Some Reflections of Edmund Burke

I'm teaching through Reflections on the Revolution in France by Edmund Burke in my Omnibus class, and as I'm reading it currently online, I'm posting some excerpts that I found to be important. Though this is mainly for my own benefit in organizing my thoughts, hopefully it will prove interesting or useful to others too.

"Circumstances (which with some gentlemen pass for nothing) give in reality to every political principle its distinguishing color and discriminating effect. The circumstances are what render every civil and political scheme beneficial or noxious to mankind."

"Is it because liberty in the abstract may be classed amongst the blessings of mankind, that I am seriously to felicitate a madman, who has escaped from the protecting restraint and wholesome darkness of his cell, on his restoration to the
enjoyment of light and liberty? Am I to congratulate a highwayman and murderer who has broke prison upon the recovery of his natural rights? This would be to act over again the scene of the criminals condemned to the galleys, and their heroic deliverer, the metaphysic Knight of the Sorrowful Countenance."

"I should, therefore, suspend my congratulations on the new liberty of France until I was informed how it had been combined with government, with public force, with the discipline and obedience of armies, with the collection of an effective and well-distributed revenue, with morality and religion, with the solidity of property, with peace and order, with civil and social manners. All these (in their way) are good things, too, and without them liberty is not a benefit whilst it lasts, and is not likely to continue long."

"The effect of liberty to individuals is that they may do what they please; we ought to see what it will please them to do, before we risk congratulations which may be soon turned into complaints."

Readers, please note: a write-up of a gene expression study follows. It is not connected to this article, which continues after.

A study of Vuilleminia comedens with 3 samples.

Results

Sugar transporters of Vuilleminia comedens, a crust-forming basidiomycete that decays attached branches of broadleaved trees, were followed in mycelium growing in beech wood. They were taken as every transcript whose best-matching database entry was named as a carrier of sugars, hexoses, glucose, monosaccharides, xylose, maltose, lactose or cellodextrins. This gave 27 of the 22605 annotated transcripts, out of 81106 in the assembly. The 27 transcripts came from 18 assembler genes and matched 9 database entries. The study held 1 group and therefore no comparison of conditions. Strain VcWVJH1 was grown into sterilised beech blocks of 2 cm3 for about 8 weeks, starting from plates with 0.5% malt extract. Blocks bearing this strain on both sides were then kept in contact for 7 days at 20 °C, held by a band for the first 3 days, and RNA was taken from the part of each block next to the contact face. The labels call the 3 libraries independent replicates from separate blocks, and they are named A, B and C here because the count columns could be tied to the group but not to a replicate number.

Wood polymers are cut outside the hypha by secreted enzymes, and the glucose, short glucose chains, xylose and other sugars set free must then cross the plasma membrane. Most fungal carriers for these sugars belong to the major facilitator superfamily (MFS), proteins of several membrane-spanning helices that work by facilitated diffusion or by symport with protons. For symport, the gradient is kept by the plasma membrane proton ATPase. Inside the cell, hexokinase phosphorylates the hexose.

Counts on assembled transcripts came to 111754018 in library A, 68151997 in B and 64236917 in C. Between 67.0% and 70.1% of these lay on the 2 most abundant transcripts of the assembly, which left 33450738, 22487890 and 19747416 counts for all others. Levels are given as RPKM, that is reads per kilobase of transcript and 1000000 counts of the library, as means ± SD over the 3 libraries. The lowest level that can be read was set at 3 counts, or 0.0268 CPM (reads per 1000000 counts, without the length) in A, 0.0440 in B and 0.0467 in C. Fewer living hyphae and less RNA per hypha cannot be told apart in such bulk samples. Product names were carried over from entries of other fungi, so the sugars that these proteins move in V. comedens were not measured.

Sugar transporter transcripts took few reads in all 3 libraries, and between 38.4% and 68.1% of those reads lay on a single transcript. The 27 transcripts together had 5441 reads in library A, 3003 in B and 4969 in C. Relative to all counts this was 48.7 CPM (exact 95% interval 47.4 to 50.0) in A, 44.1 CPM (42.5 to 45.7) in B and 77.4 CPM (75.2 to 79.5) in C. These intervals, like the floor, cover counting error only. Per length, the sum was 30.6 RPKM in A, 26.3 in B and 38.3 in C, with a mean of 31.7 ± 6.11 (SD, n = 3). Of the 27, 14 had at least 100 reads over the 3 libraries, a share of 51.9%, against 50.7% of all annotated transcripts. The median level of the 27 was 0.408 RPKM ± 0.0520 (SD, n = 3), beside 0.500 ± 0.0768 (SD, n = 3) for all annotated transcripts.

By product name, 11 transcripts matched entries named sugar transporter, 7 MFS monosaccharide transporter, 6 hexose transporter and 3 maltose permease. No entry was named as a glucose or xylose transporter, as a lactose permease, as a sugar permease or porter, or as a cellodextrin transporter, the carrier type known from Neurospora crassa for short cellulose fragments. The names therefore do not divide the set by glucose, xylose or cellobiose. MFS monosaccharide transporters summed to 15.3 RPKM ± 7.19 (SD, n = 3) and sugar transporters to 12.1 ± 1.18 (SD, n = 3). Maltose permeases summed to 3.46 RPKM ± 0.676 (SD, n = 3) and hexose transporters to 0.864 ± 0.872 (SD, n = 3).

"The most wonderful things are brought about, in many instances by means the most absurd and ridiculous, in the most ridiculous modes, and apparently by the most contemptible instruments. Everything seems out of nature in this strange chaos of levity and ferocity, and of all sorts of crimes jumbled together with all sorts of follies. In viewing this monstrous tragicomic scene, the most opposite passions necessarily succeed and sometimes mix with each other in the mind: alternate contempt and indignation, alternate laughter and tears, alternate scorn and horror."

"According to this spiritual doctor of politics, if his Majesty does not owe his crown to the choice of his people, he is no lawful king. Now nothing can be more untrue than that the crown of this kingdom is so held by his Majesty. Therefore, if you follow their rule, the king of Great Britain, who most certainly does not owe his high office to any form of popular election, is in no respect better than the rest of the gang of usurpers who reign, or rather rob, all over the face of this our miserable world without any sort of right or title to the allegiance of their people. The policy of this general doctrine, so qualified, is evident enough. The propagators of this political gospel are in hopes that their abstract principle (their principle that a popular choice is necessary to the legal existence of the sovereign magistracy) would be overlooked, whilst the king of Great Britain was not affected by it. In the meantime the ears of their congregations would be gradually habituated to it, as if it were a first principle admitted without dispute."

"If ever there was a time favorable for establishing the principle that a king of popular choice was the only legal king, without all doubt it was at the Revolution. Its not being done at that time is a proof that the nation was of opinion it ought not to be done at any time. There is no person so completely ignorant of our history as not to know that the majority in parliament of both parties were so little disposed to anything resembling that principle that at first they were determined to place the vacant crown, not on the head of the Prince of Orange, but on that of his wife Mary, daughter of King James, the eldest born of the issue of that king, which they acknowledged as undoubtedly his."

"The people of England will not ape the fashions they have never tried, nor go back to those which they have found mischievous on trial. They look upon the legal hereditary succession of their crown as among their rights, not as among their wrongs; as a benefit, not as a grievance; as a security for their liberty, not as a badge of servitude. They look on the frame of their commonwealth, such as it stands, to be of inestimable value, and they conceive the undisturbed succession of the crown to be a pledge of the stability and perpetuity of all the other members of our constitution."